August 19, 2020
Shey Peddy joins the Mercury after being cut by Washington this week
The Mercury finally added to their depth by signing Peddy to a seven-day contract.
Welcome to The Next: A basketball newsroom brought to you by The IX. 24/7/365 women’s basketball coverage, written, edited, and photographed by our young, diverse staff, dedicated to breaking news, analysis, historical deep dives and projections about the game we love.
Subscribe to make sure this vital work, creating a pipeline of young, diverse media professionals to write, edit and photograph the great game, continues, and grows. Paid subscriptions include some exclusive content, but the reason for subscriptions is a simple one: making sure our writers and editors creating 24/7/365 women’s basketball coverage get paid to do it.
Shey Peddy speaks at her virtual introductory press conference after being signed by the Phoenix Mercury on August 19, 2020. (screenshot via Phoenix Mercury)
Now that WNBA teams are allowed to sign players to shorter contracts, the Mercury on Wednesday announced the signing of Shey Peddy to a seven-day deal, bolstering their depth as they look to get back on track for the stretch run.
The Mercury entered the 2020 season as championship contenders, but backcourt injuries have hampered their chemistry. Buying a few more minutes every night with Skylar Diggins-Smith and Diana Taurasi on the bench could go a long way.
Help was, in this case, quite literally right around the corner. Peddy said she appreciated being in the Bubble already instead of having to fly from Washington, D.C. to Phoenix in a typical season. That also means Peddy will have to adjust quickly, but the Mercury have a few clear needs that Peddy can help account for.
“(Head coach Sandy Brondello) wants me to be a spark off the bench,” Peddy said. “That’s what I expected. … I’ll be ready whenever my number is called to come in and bring energy.”
A reporter at the media presser asked her, where she thought she could contribute, Peddy immediately discussed the defensive end. That’s the area where she says she takes pride in her game, and at 5-7, she’ll add to a Mercury backcourt that has great size.
Though core rotation pieces like Diggins-Smith, Taurasi, and Bria Hartley bring size and smarts, Hartley and Taurasi have been hampered by injuries nearly all season, and none of those three is known for their defense. That’s where Shatori Walker-Kimbrough has been helpful as a multi-position defender who can create turnovers, but Peddy should help as another player who can focus solely on the defensive end.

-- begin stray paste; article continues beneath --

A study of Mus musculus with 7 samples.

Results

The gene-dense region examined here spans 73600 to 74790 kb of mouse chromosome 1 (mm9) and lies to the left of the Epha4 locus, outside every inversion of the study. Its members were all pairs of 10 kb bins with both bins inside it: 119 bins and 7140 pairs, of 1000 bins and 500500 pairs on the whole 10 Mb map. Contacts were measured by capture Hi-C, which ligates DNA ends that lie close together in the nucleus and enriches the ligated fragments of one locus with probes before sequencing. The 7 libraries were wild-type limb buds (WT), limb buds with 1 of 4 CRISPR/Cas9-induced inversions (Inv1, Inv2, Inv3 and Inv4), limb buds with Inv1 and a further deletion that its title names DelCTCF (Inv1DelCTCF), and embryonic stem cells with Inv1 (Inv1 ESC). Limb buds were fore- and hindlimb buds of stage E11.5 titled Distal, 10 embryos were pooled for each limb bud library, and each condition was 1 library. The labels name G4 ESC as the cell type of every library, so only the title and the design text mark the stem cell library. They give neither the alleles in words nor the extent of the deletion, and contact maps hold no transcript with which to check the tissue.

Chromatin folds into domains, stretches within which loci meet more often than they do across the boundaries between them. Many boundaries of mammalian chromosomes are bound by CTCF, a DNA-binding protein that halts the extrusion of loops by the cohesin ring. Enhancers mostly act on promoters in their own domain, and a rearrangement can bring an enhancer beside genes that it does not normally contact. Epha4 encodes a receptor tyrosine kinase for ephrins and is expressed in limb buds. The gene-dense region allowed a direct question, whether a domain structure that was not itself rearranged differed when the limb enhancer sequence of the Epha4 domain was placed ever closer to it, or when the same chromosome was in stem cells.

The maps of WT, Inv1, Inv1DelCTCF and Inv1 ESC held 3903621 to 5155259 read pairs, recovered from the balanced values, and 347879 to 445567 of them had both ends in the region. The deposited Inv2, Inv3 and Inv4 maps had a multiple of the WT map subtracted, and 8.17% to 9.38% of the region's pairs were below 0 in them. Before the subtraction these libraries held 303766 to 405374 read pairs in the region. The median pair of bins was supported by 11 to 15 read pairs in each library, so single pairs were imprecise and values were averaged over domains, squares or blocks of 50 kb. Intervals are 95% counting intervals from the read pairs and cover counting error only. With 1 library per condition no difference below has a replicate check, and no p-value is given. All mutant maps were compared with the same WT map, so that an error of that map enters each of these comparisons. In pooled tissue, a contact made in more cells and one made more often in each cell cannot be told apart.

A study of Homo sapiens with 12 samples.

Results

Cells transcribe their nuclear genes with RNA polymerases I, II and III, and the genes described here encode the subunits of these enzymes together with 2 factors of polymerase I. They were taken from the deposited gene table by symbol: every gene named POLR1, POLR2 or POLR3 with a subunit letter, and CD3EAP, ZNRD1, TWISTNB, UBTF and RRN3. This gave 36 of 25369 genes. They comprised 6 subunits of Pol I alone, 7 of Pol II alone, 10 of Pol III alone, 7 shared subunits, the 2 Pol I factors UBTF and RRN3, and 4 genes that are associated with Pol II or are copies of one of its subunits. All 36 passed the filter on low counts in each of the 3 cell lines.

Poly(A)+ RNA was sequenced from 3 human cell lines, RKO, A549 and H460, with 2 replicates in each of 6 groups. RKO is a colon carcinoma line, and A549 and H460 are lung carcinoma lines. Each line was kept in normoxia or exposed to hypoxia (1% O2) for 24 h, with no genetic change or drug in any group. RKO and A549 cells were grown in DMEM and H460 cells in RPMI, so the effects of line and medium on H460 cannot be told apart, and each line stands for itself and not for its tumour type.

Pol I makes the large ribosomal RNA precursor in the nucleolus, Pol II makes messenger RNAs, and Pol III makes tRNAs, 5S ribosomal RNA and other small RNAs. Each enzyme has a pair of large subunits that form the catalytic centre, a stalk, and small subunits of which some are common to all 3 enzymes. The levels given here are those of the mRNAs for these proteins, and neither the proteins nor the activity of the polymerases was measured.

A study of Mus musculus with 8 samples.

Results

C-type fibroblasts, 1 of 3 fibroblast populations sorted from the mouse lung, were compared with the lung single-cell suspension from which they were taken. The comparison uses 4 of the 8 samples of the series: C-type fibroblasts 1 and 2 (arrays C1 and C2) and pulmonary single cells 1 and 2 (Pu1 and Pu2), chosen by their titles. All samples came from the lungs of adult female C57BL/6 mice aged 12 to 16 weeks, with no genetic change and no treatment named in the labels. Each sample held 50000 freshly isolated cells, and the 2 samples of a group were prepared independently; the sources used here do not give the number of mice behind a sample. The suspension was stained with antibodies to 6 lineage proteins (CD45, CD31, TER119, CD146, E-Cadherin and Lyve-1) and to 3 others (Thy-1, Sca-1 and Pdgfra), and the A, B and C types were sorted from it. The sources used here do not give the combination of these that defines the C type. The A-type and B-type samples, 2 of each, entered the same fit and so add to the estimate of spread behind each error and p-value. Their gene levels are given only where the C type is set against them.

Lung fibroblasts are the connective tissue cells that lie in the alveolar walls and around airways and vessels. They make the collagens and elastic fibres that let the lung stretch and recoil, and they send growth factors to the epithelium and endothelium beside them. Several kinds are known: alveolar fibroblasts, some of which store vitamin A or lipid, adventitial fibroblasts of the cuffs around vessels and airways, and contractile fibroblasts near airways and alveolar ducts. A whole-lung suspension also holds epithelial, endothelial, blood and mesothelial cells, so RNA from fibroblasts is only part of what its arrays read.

All season, Phoenix has had a hard time containing scoring guards like Jewell Loyd and Arike Ogunbowale. The pesky Peddy — who boasts a 3.0 percent steal rate — can be deployed for a few minutes at a time to check the opposing team’s hot hand, and perhaps cut a few minutes off the veterans’ load while helping in an area of need.
For a team looking to gel quickly for the second half of an up-and-down season, Peddy’s familiarity with one piece of the roster could help, too. Peddy said she and Walker-Kimbrough, who were teammates last year in Washington, had been eating together and spending time together at the WNBA clean site already, which already makes her feel more comfortable.
“It’s always a nerve-wracking experience when you come into a new situation not knowing anybody,” Peddy said, “so that was a comfort that I could just chill and relax knowing somebody.”
Despite an opening for a player like Peddy in the rotation and a certain level of comfort on both sides, WNBA seven-day contracts can be brutal, with the pressure on immediately for a player to perform. Fortunately, this season’s schedule means Peddy will play four games before the Mercury have to decide whether to give her another contract.